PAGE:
Running threat

JONATHAN HUNTINGTON -- Edmonton Sun

, Last Updated: 9:48 AM ET

If you are keeping track at home, your scorecard should read: Joffrey Reynolds 2 -- Edmonton Eskimos' defence 1.

Not surprisingly, the Calgary Stampeders lead the season series over their archrival by the exact same score, as Reynolds has rumbled for 249 yards and two touchdowns combined in the two victories.

So, in Round 4 tonight at Commonwealth Stadium, are the Esks going to even the score with the league's top running back?

"It's a different ball game (tonight) when you are at home and your back is against the wall," said linebacker A.J. Gass.

"The pressure is on and I think every guy is going to rise to it."

If the defence doesn't rise to the challenge in the biggest battle inside the game, the Eskimos will likely stagger to the dressing room late tonight with a sixth loss in seven games.

"Reynolds is an incredible back," continued Gass.

"He runs hard, fast and has great vision.

"And they came out with a few different formations (on Monday)."

Those new looks from the Stampeders' offensive unit, coupled with Reynolds' outstanding ability and a shoddy job of Eskimo tackling allowed the CFL's leading rusher to roll for 96 yards and two touchdowns.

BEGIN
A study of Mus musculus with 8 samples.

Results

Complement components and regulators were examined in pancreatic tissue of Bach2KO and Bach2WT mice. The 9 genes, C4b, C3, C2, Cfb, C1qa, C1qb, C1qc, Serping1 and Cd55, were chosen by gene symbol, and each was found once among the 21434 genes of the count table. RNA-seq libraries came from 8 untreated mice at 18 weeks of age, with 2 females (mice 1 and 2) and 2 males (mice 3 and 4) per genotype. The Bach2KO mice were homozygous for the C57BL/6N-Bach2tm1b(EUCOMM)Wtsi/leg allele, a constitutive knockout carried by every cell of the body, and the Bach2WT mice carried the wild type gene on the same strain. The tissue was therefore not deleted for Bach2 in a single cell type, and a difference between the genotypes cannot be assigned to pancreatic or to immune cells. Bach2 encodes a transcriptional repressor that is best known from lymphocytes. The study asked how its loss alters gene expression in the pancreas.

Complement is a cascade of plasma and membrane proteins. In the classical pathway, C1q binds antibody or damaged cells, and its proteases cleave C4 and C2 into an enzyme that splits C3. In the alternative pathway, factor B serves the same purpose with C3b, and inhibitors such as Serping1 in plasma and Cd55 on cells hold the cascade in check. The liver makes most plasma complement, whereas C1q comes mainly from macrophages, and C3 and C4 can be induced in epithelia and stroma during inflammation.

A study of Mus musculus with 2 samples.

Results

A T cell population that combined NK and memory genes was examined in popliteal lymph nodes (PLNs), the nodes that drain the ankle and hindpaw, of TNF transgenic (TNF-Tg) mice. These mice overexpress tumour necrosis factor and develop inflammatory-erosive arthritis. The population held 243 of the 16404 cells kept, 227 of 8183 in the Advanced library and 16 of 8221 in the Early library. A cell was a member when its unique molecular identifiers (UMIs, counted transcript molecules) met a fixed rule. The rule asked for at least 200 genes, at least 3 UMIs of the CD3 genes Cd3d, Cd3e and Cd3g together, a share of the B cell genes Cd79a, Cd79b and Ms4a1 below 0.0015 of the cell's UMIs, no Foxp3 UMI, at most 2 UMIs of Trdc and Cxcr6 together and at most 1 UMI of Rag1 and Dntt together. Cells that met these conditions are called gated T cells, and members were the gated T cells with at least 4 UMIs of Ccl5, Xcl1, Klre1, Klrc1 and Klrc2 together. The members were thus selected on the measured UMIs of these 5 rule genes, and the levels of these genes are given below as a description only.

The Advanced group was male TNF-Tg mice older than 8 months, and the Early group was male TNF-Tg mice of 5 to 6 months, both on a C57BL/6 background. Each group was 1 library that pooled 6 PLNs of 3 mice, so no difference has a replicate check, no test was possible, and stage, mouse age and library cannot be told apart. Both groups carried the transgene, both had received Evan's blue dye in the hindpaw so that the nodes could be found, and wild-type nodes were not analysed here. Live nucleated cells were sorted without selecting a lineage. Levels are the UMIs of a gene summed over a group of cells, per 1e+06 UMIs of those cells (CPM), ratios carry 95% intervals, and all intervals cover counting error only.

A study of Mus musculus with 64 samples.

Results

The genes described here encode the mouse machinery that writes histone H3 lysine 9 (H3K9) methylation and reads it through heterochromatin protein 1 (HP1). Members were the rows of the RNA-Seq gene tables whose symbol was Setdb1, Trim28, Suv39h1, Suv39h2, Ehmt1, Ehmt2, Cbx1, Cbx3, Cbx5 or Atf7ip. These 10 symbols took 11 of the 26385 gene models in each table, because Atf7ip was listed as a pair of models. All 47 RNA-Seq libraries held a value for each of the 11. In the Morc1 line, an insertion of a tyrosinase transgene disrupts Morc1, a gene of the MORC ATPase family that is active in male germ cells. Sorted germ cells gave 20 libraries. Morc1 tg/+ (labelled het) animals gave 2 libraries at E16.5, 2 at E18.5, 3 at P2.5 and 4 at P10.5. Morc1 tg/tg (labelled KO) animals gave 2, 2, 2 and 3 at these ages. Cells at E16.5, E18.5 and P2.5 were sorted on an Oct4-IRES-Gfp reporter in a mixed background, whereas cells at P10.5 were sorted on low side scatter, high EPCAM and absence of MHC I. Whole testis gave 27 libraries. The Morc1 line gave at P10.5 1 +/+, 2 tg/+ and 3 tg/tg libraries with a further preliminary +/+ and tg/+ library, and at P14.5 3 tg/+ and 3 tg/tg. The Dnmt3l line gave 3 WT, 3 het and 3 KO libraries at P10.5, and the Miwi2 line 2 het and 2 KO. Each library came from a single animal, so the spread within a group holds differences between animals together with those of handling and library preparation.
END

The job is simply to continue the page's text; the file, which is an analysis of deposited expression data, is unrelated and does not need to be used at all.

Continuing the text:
"They came out with a four running back look that we were only anticipating in short yardage and they were running it on first down," recalled Gass. "They came out with an empty backfield with six receivers, but used two of them as running backs.

"But I think we have seen all the formations that they can possibly throw at us and it is just a matter of performing from there."

Unfortunately for the Esks, Reynolds isn't the only running back to run over them or through them this year.

After featuring the league's top run defence last year, the Eskimos are now giving up almost 50% more yardage on the ground in 2006.

It's a major jump from an average of 79.2 yards last year to 118 yards this season.

"We have as good of a defence as last year, we just have to play better, that's all," said defensive tackle Steve Charbonneau.

For the Eskimos, the time to show that is now.

The remaining keys to tonight's game for the Eskimos:

B) Contain Henry Burris -- If Burris is able to break containment from the defensive line, he becomes one of the most dangerous pivots in the league, with a rocket for an arm and speed to burn in his legs.

The key for defenders is keeping both feet firmly planted on the ground.

"Once you leave your feet, he pulls the ball back down (to run) and you will look silly," said Eskimo head coach Danny Maciocia.

"We did that three times Monday. We have got to quit doing that."

Burris had a staggering 88 yards on eight carries.

C) Discipline, discipline, discipline -- Edmonton kept three Calgary scoring drives alive on Monday by taking penalties.